The court ruled for Dianne Knox and other nonmembers of the Service Employees International Union's Local 1000, who wanted to object and opt out of a $12 million special assessment the union required from its California public sector members for political campaigning.
Knox and others said the union did not give them a legally required notice that the increase was coming.
Here’s the case:
Issue: (1) May a state, consistent with the First and Fourteenth Amendments, condition employment on the payment of a special union assessment intended solely for political and ideological expenditures without first providing a notice that includes information about that assessment and provides an opportunity to object to its exaction?
(2) May a state, consistent with the First and Fourteenth Amendments, condition continued public employment on the payment of union agency fees for purposes of financing political expenditures for ballot measures?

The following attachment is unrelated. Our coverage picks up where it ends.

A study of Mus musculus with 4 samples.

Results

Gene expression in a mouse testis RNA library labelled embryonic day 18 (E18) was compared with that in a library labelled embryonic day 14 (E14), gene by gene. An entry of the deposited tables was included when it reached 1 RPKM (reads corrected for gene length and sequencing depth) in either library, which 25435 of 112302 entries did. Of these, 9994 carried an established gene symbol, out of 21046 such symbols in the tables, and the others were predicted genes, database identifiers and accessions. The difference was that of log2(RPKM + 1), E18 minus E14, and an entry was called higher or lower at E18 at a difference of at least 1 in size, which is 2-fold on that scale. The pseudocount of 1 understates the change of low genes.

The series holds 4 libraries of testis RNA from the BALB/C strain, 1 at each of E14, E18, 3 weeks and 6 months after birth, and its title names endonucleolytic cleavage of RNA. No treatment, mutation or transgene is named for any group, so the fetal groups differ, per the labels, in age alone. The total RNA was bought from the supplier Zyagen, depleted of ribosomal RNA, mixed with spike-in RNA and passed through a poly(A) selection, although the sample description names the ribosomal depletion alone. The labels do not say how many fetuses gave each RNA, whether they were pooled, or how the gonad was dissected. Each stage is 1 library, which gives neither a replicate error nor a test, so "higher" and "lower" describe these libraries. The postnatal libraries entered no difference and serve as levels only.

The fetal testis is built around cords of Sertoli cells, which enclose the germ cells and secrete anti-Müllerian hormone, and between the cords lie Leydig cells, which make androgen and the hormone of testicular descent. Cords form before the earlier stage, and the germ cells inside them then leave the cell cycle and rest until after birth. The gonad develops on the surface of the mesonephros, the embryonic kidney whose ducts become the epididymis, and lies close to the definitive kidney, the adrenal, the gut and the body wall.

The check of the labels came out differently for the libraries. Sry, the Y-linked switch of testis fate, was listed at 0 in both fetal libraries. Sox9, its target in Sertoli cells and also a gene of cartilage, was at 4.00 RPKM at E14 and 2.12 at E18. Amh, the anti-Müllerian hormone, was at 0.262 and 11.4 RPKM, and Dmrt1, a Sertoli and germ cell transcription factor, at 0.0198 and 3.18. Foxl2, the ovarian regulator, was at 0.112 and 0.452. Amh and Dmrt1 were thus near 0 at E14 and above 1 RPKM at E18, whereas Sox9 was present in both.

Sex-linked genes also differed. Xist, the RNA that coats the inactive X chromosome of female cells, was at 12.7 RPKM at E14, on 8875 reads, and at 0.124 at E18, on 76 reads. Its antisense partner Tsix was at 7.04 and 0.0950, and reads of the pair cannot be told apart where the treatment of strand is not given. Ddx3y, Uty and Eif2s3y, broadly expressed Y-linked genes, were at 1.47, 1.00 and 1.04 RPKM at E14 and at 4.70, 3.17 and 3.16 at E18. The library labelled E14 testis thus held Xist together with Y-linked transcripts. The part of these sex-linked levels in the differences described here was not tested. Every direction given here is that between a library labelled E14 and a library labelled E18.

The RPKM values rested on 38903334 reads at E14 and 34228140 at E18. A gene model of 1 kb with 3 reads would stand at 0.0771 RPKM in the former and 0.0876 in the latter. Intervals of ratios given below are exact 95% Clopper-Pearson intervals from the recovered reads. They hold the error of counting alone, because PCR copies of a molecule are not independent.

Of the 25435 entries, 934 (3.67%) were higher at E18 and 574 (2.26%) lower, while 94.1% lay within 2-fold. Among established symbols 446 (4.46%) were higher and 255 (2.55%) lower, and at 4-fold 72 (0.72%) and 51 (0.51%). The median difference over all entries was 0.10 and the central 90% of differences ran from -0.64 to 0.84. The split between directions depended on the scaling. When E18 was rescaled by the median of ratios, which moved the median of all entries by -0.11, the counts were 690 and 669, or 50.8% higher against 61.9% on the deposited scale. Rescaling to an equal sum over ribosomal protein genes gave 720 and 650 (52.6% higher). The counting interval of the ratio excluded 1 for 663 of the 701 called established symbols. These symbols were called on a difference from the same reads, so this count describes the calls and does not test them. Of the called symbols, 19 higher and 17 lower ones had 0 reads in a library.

Plain English Issue: Whether a state can require its employees to pay a special union fee that will be spent for political purposes without first giving the employees information about the fee and a chance to object to it.Read the full ruling here, even Ginsburg ruled against it.
“the First Amendment does not permit a union to extract a loan from unwilling nonmembers”From ZIP
The union, and the 9th U.S. Circuit Court of Appeals, said the annual notice that the union gives was sufficient. The high court disagreed in a 7-2 judgment written by Justice Samuel Alito.
"When a public-sector union imposes a special assessment or dues increase, the union must provide a fresh ... notice and may not exact any funds from nonmembers without their affirmative consent," Alito said.